Mary has a PhD in Animal Ecology from Lund University, Sweden, a Masters in Conservation Biology from APLORI and a BSc in Zoology from the University of Benin, Nigeria.
A new conservation centre has been established at Sapo National Park in Liberia through a collaborative project initiated by Fauna & Flora International (FFI). Launched as part of the park’s 30th anniversary, the centre will serve as a research and training facility for forestry professionals, lecturers and students.
After 14 years of civil unrest during which the forestry sector in Liberia was severely affected, the need for capacity development in the sector has been strong. The crisis has had a negative impact on Liberia’s biodiversity as deforestation from uncontrolled logging has led to a significant reduction in the country’s forests.
Liberia is home to many endemic species, and is a forest stronghold in West Africa, containing two-thirds of the remaining intact Upper Guinean Forest.
Overseeing the rich natural resources of the country is the Forestry Development Authority (FDA), responsible for the conservation and utilisation of Liberia’s forests. Until now there have been no targeted facilities in Liberia to support scientists looking to advance knowledge of the country’s rich biological resources.
As Sapo National Park (Liberia’s foremost protected area) marked its 30th anniversary, partners joined the FDA to celebrate the establishment of the new Sapo Conservation Centre at a celebratory event on 8 June 2013. The centre, which has been established for the training of Liberian forestry professionals, was officially opened by the Minister of Internal Affairs, Hon. Morris Dukuly.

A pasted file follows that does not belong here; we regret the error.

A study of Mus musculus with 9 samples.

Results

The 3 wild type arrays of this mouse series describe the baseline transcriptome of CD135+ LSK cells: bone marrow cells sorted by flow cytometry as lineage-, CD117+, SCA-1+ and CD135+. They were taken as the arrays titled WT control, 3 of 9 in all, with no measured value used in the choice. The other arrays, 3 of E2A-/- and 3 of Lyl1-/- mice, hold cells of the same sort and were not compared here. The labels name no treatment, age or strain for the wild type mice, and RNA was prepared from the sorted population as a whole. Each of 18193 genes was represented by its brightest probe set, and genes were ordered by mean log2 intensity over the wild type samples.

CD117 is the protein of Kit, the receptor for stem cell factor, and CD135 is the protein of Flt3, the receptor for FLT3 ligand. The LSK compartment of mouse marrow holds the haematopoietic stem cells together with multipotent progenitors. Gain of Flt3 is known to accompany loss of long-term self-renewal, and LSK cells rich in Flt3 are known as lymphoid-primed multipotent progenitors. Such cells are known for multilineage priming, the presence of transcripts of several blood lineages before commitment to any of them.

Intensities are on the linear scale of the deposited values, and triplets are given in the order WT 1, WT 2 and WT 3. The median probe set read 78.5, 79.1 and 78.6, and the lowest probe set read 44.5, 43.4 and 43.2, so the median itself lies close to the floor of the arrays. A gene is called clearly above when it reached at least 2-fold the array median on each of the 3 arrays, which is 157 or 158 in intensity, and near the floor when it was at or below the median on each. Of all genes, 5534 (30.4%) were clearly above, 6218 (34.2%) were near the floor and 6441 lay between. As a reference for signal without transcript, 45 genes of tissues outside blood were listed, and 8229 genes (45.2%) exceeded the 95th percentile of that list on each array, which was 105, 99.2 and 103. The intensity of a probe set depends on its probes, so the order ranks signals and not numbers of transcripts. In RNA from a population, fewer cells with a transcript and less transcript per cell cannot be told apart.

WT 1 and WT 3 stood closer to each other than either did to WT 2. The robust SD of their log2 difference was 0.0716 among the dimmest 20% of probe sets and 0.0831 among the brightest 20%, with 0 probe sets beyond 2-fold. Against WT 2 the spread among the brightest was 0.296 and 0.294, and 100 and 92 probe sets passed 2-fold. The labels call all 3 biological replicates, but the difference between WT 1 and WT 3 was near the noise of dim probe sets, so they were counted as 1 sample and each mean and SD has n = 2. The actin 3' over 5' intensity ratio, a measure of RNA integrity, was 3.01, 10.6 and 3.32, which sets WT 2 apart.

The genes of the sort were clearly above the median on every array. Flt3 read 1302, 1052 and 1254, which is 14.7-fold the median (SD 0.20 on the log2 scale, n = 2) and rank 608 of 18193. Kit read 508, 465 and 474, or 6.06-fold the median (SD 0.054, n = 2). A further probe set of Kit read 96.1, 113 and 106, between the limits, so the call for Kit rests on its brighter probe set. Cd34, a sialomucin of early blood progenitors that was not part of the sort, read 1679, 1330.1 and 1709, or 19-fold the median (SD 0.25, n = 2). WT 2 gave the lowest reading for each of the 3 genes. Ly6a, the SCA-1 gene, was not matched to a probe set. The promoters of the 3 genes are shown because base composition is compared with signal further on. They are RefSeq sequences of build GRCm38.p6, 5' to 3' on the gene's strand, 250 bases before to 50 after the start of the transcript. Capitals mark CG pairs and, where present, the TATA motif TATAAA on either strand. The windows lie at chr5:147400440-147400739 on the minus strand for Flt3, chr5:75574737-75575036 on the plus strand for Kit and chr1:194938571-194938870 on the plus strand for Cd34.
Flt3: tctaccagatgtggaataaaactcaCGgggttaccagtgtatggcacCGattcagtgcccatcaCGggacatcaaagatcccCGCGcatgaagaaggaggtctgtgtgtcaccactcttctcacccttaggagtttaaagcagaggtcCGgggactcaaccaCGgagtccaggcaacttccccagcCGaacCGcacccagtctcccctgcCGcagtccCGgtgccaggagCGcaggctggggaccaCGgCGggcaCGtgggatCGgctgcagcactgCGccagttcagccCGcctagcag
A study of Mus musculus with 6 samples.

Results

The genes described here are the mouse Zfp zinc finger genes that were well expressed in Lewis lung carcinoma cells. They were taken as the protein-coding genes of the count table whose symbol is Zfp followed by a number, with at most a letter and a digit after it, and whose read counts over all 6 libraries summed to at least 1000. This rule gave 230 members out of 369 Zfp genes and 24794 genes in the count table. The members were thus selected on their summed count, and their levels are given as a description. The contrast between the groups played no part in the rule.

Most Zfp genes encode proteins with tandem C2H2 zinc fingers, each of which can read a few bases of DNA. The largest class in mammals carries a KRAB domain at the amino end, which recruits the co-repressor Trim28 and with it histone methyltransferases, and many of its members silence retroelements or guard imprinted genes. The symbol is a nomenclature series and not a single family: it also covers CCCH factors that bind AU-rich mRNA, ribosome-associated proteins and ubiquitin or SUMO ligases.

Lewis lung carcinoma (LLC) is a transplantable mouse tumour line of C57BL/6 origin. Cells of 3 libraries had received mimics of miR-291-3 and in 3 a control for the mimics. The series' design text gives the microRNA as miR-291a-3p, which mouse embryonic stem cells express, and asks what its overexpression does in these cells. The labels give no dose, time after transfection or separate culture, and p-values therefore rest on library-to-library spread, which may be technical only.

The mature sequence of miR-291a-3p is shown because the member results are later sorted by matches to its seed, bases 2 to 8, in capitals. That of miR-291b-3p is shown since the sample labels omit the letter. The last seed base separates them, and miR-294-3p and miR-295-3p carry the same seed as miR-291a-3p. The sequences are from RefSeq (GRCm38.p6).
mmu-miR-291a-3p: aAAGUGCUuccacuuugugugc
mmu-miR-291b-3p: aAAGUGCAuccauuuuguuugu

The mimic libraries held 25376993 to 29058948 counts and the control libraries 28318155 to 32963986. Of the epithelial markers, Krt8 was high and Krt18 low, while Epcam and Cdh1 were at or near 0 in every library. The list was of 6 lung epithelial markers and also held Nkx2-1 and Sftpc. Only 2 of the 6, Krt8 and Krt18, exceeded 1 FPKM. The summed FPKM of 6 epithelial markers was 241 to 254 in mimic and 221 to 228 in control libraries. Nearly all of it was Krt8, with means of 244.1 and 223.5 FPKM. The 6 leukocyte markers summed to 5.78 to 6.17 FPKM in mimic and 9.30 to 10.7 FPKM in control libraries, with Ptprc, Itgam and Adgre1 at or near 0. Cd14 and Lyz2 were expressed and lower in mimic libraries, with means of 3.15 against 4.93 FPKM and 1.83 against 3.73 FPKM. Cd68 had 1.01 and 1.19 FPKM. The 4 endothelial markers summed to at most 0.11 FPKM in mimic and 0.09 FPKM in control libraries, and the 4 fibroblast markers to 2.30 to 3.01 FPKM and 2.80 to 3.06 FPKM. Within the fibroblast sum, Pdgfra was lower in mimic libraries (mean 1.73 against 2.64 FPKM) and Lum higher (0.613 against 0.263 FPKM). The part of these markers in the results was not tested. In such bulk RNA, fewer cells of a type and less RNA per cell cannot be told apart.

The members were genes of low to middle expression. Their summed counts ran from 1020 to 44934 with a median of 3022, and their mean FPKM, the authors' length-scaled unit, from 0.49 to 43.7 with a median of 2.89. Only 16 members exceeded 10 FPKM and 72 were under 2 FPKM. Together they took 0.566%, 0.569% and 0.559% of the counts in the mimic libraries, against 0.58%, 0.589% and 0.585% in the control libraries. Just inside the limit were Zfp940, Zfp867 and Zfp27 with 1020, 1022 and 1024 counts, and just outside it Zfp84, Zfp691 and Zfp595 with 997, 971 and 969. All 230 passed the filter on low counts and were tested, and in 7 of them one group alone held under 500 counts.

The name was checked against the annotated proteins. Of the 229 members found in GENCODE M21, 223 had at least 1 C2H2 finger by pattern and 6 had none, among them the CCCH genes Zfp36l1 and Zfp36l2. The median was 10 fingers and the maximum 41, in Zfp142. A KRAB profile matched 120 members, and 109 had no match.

“We have not done much in terms of regenerating and restoring our natural habitat – our rainforests and the animals that dwell in them. It is my hope that this research centre will help in the renewal process by identifying ideas and strategies that can be used to replenish our animals, particularly the rare animals that were destroyed as a result of unmitigated violence perpetrated against them by different groups,” said the Minister.
The establishment of the centre was supported by funding from the Darwin Initiative, the US Fish and Wildlife Service, and Basel Zoo.
“It is hoped that the centre’s research activities will feed directly into the poverty reduction strategy of the Liberian Government through the production of urgently needed information on local livelihood strategies and sustainable utilisation of natural resources. This will ensure communities’ needs can be integrated as part of successful forest resource management,” added Dr Chloe Hodgkinson, FFI’s Liberia Programme Manager.
The Sapo Conservation Centre project is a collaboration between FFI, the FDA, the University of Liberia, the Forestry Training Institute and the Zoological Society of London (ZSL). Sapo Conservation Centre is currently supported by generous funding from The Darwin Initiative and The Arcus Foundation.
The centre is expected to promote collaborative research between Liberian and international academic institutions, while generating baseline information on Liberia’s rich and unique biological diversity. The centre is targeting forestry professionals, lecturers and students, and will serve as a hub for ecological and socio-economic research and conservation training in the south-east region of Liberia.